With the Spring thaw behind us, and the first signs of Forsythia emergence, it is now time for your lawn to awaken from dormancy. Here we will explain why it is not a good idea to wait too long to cut your lawn for the first time in Spring.
Over Winter dead organic matter and other debris decomposes into a extra layer on top of your soil. This material causes decreased sunlight & water pentration, encourages fungus propagation, and suffocates grass roots. Removing this layer early in Spring is an important to give your grass a headstart during the growing season.
Waiting too long to mow your lawn for the first time adds to this thatch layer, and makes it more difficult to perform dethatching. The longer the grass becomes, the harder it is for a thatch rake , or even powered dethatcher, to reach the ground and do it’s job.
The Proper Height to Mow For the First Time
It isn’t uncommon for the growth season to quickly get ahead of our busy lives, which can sometimes means we have a jungle before we even start thinking about the lawn. Get ahead of the game by mowing your lawn once it reaches about 3-5 inches.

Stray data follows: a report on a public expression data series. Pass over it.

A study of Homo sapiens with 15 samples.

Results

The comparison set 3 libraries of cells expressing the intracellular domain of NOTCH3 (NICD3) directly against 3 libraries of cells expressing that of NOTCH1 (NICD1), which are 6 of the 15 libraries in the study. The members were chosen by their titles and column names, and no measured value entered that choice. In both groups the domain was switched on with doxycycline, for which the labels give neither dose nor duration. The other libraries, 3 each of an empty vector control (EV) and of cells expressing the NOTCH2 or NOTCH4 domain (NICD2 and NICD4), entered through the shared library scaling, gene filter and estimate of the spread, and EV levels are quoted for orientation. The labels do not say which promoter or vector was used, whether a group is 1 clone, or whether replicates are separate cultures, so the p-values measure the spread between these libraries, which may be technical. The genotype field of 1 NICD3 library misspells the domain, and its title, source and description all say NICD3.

It is always advisable to only cut up to 1/3 of the total length of your grass at anytime, but making sure you do this in Spring will prevent clumps of clippings from forming. Large collections of clippings from your first mowing can become a hotbed for Spring weeds.
To Bag or Not to Bag?
There are often conflicting view points on whether or not to bag grass clippings on a regular basis. It is commonly accepted among industry experts that allowing clippings to be recycled into the ground keeps important nutrients in the soil. During your initial Spring mowing however, it is a great idea to bag clippings, at least once or twice.
This not only allows leaves and debris from Winter to be collected, but also helps with inital thatch removal. If a Fall celanup wasn’t performed, it may become even more benficial to dethatch before this first mowing as well.